We are in the midst of the season of high air-conditioning bills, and nobody wants to stand over a hot stove or oven to produce a good meal.
With some creative use of your smaller countertop appliances—toaster oven, microwave, pressure cooker and slow cooker—you still can easily make the dishes you usually cook on the stove or in the oven.
Electric Pressure Cooker
Something of a phenomenon in the kitchen, these are bringing back time-saving pressure cooking. New electric ones have more safety measures in place than the stovetop sort, and most of them can take the place of slow and rice cookers.
Pressure cookers can hard-boil eggs in about 5 minutes and are good for quick-steaming a surprising number of foods you would normally boil or bake. Some models can even cut out stovetop steps, like browning meat, with a sauté function.
They’re not just for stews anymore! With the right recipes, slow cookers can perform a marvelous and surprising range of culinary feats, like making bread, yogurt and gooey brownie desserts. Of course, pork and pot roasts cook while you’re at work, and black-eyed peas are done overnight. But did you know that a slow cooker also can cook potatoes (properly pierced, oiled and foiled) to perfection in about 8–10 hours?
Besides making rice effortless, rice cookers are also good for cooking other grains, such as quinoa, and for steaming. Although making rice is already easy, many home chefs appreciate not having to turn on a stove or dedicate a burner to rice when the stove is already busy.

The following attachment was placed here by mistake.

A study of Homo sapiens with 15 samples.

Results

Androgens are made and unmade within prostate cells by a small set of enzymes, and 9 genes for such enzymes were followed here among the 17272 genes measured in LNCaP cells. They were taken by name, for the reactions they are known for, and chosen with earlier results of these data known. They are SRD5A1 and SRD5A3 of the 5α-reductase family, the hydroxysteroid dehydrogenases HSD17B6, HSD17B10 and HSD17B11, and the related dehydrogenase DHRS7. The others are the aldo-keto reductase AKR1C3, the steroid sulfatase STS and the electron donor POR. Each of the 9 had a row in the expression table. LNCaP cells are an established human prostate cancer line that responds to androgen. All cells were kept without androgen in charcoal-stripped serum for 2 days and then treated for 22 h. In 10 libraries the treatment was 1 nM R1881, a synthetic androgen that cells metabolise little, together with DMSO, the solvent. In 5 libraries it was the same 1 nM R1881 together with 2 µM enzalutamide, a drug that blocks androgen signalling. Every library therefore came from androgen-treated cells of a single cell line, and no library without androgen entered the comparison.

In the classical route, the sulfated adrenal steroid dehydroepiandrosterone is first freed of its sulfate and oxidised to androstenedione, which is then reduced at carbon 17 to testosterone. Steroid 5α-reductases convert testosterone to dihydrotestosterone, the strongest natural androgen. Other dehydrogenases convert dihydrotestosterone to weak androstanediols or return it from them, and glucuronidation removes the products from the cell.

But many might not know of the rice cooker’s ability to make entire one-pot meals. And eggs can be hard-boiled perfectly upon a steamer rack set in the top, or set in with rice to be prepared simultaneously.
A steaming tray or basket is essential in many pressure and rice cooker recipes. Many rice cookers even come with steaming baskets, but if yours didn’t, you can buy one separately.
A common, useful style is a stainless steel, collapsible basket that fits in just about anything.
Besides making toast, a good toaster oven can save you the heat of turning on a full-sized oven. Although you might not trust one to heat evenly enough for baking a cake, it can roast veggies or fish in a snap. Some are also big enough to hold a 2.75-quart baking dish, the perfect size for casseroles and cobblers.
These can do a lot more than heat up your leftovers, you know. Microwaves work by spinning water molecules, which means they can steam things easily, too. Also, they melt chocolates and cheeses more easily than a double boiler or an oven, with much less excess heat.
Microwaves easily cook rice in about 15 minutes, scrambled eggs in about a minute and a half, and pierced and oiled potatoes in 10 minutes with one flip. Unshucked corn on the cob cooks in 3–4 minutes; handled with care, the corn should slide right out of the husk and silk after cooking.